Diplomacy, Not Weapons, Will End the War 

Set aside for a moment worries about inflation, Covid variants, mass shootings, and Supreme Court decisions. Consider instead the ongoing war in Ukraine. Now in its sixth month, the war is killing hundreds of Ukrainians and Russians every day. Russian artillery and bombs strike Ukrainian soldiers on the front and civilians in their apartments, while Russian missiles level scores of towns and villages in the Donbas and beyond.  From Ukraine, long range missiles hit Russian targets beyond the frontline.

For the outside world, the risk of an expanded war, one that could easily slip into a battle of nukes, must not be discounted.  Putin has made clear that he is ready to use chemical weapons or tactical nukes if needed to avoid a battlefield defeat.

Thanks to the inspiring leadership of President Volodymyr Zelensky, the incredible valor of Ukrainian forces and citizen soldiers and timely arms aid from the U.S. and its NATO allies, the Ukrainians were able to repel Russian troops from their February-March advance on Kyiv. President Biden led a concerted NATO effort to contain the Russians through weapons transfers and economic sanctions.

Now the war has shifted to the Donbas region, expanding a conflict that Russian Separatists began in 2014.  Notwithstanding the continuing flow of weapons from the U.S. and other NATO countries, Russian forces are slowly but steadily gaining ground.  Unlike the logistic constraints they faced in their botched blitz on Kyiv, the nearby Russian border assures a steady flow of supplies and manpower. Even successful counterattacks are unlikely to drive the Russian forces out of Ukraine.

As the war drifts into a protracted stalemate, both armies are becoming exhausted. Since each side can now claim a partial victory, the time may be ripe for diplomacy. Indeed, Putin and Zelensky might each welcome a ceasefire and a broader diplomatic solution.  Yet both may hesitate to show weakness by being first to propose peace talks.

Mediation (sometimes called assisted negotiation) begins with the intervention of a third-party mediator (such as a representative of the United Nations or a neutral country).  When both warring parties agree on the process, the mediator can hold separate information sessions with each side.  Once the mediator understands their respective objectives. he or she can begin a sustained process of “shuttle diplomacy,” traveling back and forth between the two negotiating teams.  When a framework for possible agreement emerges, the mediator might schedule one or more plenary meetings until a “win-win” solution can be achieved.  Throughout the process, confidentially rules constrain a party from using publicity to score points.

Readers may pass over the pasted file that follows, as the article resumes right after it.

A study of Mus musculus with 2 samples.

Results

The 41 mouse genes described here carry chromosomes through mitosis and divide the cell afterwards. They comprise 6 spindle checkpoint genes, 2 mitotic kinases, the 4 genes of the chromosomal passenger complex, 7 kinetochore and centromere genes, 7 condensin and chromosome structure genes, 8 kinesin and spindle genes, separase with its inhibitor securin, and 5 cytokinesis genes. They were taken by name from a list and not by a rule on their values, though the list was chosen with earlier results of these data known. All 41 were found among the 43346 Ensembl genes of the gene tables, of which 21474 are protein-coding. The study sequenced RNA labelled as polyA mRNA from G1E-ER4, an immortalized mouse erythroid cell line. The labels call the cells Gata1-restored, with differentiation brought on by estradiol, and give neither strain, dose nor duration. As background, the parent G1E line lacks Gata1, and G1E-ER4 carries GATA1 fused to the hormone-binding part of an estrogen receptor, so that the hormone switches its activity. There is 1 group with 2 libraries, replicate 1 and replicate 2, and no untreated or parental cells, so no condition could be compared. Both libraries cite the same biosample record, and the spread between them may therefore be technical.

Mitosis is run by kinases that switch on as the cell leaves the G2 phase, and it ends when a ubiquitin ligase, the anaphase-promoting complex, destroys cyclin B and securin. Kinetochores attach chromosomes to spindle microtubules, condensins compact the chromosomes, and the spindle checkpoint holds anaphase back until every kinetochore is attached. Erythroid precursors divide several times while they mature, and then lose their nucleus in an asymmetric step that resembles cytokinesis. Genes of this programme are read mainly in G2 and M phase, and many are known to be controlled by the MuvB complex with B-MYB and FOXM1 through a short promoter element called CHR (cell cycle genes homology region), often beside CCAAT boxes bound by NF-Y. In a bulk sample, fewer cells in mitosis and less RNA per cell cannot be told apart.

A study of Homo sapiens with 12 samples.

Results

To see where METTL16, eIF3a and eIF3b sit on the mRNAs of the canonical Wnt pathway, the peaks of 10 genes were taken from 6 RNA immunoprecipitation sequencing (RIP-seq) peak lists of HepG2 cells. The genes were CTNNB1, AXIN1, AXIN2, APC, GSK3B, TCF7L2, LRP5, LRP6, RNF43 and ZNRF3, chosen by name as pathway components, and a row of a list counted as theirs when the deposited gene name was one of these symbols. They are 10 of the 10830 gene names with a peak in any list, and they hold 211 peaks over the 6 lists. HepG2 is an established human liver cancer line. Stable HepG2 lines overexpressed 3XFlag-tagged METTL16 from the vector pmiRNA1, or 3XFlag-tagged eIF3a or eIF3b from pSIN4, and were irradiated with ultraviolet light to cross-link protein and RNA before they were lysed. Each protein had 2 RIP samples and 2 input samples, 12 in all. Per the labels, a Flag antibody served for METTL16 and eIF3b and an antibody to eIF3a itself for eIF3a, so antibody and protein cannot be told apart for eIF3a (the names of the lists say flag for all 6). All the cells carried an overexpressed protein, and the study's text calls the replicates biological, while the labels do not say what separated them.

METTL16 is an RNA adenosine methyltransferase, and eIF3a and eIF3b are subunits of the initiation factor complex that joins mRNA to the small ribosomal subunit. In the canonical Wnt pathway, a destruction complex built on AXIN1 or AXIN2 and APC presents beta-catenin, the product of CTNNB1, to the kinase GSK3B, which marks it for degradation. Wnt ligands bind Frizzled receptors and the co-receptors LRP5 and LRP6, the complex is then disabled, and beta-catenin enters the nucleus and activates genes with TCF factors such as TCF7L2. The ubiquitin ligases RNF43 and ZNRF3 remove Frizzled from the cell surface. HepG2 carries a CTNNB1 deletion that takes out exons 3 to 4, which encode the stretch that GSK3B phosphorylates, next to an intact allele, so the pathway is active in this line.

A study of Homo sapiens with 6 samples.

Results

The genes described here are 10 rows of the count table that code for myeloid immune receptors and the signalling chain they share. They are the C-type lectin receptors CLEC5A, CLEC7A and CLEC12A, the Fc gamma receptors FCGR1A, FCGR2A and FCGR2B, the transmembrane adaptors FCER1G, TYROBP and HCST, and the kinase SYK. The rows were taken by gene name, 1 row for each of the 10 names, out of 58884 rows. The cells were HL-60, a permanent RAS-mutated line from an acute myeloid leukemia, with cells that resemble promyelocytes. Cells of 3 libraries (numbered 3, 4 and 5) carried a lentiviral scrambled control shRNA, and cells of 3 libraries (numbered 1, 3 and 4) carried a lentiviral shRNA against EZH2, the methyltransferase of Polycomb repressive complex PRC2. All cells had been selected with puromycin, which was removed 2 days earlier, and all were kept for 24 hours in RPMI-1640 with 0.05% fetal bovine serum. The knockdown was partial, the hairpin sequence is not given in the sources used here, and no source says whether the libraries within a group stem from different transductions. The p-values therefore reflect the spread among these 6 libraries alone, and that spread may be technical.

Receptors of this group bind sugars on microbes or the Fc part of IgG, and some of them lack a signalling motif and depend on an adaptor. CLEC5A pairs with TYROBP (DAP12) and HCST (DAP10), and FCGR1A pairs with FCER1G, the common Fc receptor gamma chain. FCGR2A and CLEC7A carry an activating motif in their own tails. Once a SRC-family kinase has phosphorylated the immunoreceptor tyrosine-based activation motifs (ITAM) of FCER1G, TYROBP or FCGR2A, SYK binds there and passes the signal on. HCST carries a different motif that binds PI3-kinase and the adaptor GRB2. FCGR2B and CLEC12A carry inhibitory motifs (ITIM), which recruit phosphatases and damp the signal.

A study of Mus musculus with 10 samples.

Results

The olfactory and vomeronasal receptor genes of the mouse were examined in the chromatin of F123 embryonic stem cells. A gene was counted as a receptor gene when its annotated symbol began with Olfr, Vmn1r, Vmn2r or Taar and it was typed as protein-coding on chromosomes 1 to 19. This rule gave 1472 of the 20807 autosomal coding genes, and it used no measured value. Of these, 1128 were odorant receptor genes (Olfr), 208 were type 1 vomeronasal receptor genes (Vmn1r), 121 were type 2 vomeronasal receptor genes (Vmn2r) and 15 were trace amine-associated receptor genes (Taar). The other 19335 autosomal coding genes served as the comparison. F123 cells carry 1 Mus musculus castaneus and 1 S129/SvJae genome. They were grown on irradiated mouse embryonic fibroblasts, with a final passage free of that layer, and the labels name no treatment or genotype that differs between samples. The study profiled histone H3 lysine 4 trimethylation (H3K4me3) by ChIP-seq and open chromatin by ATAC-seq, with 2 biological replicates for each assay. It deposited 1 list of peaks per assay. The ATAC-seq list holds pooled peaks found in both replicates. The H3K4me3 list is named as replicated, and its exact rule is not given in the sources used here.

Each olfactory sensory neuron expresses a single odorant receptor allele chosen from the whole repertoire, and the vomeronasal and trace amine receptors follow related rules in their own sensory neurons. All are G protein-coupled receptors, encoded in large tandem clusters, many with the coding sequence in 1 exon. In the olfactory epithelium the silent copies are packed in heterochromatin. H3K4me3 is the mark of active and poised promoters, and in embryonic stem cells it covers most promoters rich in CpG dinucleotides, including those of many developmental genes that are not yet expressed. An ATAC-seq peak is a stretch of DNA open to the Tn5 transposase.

Those who dismiss the possibility of peace negotiations between Ukraine and Russia should take note of the recent and apparently successful mediated meetings in Turkey. Despite continuing risks, the two separate agreements with the U.N. have led to a resumption of grain exports from both countries.  U.N. Secretary General Antonio Guterres described the mediation as “a ray of hope” for averting a global food crisis.  If the exports continue without interruption, such assisted negotiation could well expand to encompass the wider issues of ceasefire and peace terms.

What may be the greatest roadblock to war-ending diplomacy is the unabating flow of weapons to Ukraine from the U.S. and its NATO allies.  If Zelensky should see an imminent end to his arms supply from the West as he faces a more aggressive Russia in the Donbas, he may view mediated negotiations as a better option– better than overseeing the continuing daily losses of Ukrainian soldiers and land.  With media coverage of the war waning, Americans and Europeans are beginning to experience aid fatigue. On the one hand, it is unlikely that the outnumbered Ukrainian forces will be able push the Russians out of the Donbas, where there are still large numbers of Russian separatists. On the other hand, both Americans and Europeans not likely stay the course on arms transfers.  At some point they will say “enough,” and the politicians will have to curtail military aid.

Now is the time to pursue diplomacy and stop stoking an lendless war with weapons.

L. Michael Hager is cofounder and former Director General, International Development Law Organization, Rome.